Big companies like Netflix, YouTube, and iTunes maintain tight control on online content distribution, but a new cryptoapp called LBRY may well change the way information is shared on the Internet.
LBRY is the first fully encrypted, open source content distribution service built on a blockchain. The platform allows users to publish material and connect directly with consumers, bypassing the middleman. A built-in credit system allows content creators to monetize their work.
Jeremy Kauffman co-founded LBRY and serves as the CEO. He said Bitcoin was a major part of the inspiration behind the concept.
“The true insight of Bitcoin is that it allows us to build a decentralized, censorship-proof ledger system that can still be trusted. Our insight, shared by others, is that ledgers can record things beyond account balances.”
At first, LBRY’s attempt to wed Bitcoin and data transfer didn’t seem that novel in comparison to IPFS and others. But LBRY’s true innovation isn’t combining crypto and data, it’s how it handles names and metadata. Kauffman again:
“In LBRY, the fact that the name ‘wonderfullife’ returns the 1946 film ‘It’s A Wonderful Life’ is stored in the blockchain. This makes metadata censorship impossible.”
Content uploaded to LBRY is encrypted, broken into multiple pieces, and then distributed to a network of host servers. Hosts are rewarded with LBRY credits for providing bandwidth and disk space. Nobody can access the complete content without the publisher’s decryption key. Users can get a copy of this keys by transferring credits to the publisher.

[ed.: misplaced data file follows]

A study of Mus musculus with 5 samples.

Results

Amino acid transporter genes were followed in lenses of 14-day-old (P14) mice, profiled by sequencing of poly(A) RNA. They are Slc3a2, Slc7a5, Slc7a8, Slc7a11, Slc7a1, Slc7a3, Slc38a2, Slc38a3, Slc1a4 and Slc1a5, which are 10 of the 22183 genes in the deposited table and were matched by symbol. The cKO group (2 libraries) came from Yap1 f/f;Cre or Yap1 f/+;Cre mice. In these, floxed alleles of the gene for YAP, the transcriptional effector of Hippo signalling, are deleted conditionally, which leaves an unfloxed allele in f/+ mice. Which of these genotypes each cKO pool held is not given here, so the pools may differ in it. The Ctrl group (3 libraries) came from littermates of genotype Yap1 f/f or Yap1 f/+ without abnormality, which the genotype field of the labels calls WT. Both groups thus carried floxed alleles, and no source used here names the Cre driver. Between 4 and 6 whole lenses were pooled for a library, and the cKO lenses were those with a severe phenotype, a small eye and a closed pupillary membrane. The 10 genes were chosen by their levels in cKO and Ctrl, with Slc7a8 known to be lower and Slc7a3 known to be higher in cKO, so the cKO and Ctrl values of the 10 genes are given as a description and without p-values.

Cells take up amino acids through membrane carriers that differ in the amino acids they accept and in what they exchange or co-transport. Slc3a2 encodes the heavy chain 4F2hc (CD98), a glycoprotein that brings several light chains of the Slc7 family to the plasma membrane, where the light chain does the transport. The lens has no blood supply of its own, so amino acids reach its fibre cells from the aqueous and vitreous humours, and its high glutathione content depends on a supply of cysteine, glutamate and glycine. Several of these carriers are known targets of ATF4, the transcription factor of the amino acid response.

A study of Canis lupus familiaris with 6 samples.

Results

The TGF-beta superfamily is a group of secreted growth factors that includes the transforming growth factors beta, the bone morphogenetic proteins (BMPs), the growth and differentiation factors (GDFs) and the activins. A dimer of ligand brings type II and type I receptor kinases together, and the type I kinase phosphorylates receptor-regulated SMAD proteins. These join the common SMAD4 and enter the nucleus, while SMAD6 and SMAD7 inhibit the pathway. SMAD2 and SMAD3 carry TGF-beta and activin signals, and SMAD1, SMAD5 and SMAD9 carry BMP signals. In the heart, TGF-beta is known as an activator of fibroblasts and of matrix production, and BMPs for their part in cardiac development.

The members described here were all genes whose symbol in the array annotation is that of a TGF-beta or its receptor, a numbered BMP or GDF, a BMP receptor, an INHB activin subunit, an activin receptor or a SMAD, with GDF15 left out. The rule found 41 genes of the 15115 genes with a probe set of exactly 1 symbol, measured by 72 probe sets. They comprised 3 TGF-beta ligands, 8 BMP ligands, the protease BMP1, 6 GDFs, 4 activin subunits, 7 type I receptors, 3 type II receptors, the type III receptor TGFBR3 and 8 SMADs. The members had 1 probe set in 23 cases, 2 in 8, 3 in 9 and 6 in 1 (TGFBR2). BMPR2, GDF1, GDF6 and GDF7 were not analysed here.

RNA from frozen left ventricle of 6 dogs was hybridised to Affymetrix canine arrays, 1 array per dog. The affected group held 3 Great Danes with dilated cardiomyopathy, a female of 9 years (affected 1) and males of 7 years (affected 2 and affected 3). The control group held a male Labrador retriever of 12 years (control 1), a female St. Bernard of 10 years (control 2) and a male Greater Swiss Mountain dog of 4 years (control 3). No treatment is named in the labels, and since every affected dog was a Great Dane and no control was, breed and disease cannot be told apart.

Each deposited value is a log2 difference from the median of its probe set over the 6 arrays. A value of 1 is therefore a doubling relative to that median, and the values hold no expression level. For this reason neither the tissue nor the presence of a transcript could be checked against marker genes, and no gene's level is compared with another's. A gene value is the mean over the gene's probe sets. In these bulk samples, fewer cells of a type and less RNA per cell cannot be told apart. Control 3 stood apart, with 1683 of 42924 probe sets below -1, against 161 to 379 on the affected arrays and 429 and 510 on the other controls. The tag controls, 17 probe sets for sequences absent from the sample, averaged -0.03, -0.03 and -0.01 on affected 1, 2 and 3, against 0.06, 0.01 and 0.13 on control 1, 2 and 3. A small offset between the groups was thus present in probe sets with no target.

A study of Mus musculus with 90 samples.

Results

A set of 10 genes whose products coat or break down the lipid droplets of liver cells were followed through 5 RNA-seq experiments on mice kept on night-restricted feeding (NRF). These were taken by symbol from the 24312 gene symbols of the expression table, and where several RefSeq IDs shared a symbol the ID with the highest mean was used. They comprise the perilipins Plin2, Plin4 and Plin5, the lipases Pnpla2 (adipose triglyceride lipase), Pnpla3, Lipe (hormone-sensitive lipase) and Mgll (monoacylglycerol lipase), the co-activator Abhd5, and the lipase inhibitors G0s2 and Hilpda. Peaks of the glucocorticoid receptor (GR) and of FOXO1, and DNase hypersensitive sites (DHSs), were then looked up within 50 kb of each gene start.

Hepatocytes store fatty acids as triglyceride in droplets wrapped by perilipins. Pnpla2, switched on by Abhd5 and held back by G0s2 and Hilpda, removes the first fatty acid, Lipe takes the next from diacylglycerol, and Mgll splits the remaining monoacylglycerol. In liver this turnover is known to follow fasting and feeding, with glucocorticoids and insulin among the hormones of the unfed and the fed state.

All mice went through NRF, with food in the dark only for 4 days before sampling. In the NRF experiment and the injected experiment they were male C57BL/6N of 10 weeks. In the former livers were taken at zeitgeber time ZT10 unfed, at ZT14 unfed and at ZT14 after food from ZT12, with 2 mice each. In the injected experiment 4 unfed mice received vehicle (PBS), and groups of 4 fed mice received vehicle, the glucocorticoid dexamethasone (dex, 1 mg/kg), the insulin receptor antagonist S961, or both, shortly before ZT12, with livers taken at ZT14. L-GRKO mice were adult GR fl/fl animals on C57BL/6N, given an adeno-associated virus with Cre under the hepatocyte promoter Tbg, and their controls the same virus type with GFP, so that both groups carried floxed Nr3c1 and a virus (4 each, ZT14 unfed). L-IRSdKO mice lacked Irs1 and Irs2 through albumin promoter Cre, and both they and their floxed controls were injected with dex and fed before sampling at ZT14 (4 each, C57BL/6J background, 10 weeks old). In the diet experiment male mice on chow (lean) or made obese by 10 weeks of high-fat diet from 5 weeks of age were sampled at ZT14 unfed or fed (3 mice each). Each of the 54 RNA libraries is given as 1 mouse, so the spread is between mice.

Publishers maintain complete control over their content with no licensing or other claims by LBRY. In fact, LBRY doesn’t even have the ability to enforce such claims.
“We’re developing the network, but we don’t own it. It’s open source,” says Mike Vine, LBRY’s Technology Evangelist. “We are creating an app that adds additional features to the network, but others are free to do so as well. It’s like a real estate developer laying out a subdivision, then turning over the streets to the residents’ control.”
Vine continued, “This is an indie artist’s dream: instant worldwide distribution, micropayments from adoring fans, and no loss of ownership.”
Kauffman and Vine both become animated at the mention of decentralization and the potential for shifting the locus of power LBRY offers to publishers and consumers alike.
Vine highlighted the recent move by YouTube to force video creators to sign the revenue sharing agreement for its new “Red” premium service under the threat of having their videos yanked. “The lesson is that if you’re using a system that has a higher authority, you’re always vulnerable,” he explained.
By contrast, LBRY seeks to decentralize content distribution to the way Bitcoin decentralizes money. By eliminating the centralization, there is no more risk of a powerful gatekeeper changing the rules of the game. The same holds true whether the counterparty is a central bank driving up inflation or a Youtube curbing access to painstakingly built-up audiences.
Of course, there are many players seeking to use blockchains to revolutionize their industries. The proof will be in the pudding – or rather, the ability for a company like LBRY to execute on their grand vision. The alpha release looks very promising, but time will tell whether LBRY can truly threaten the massive established media market.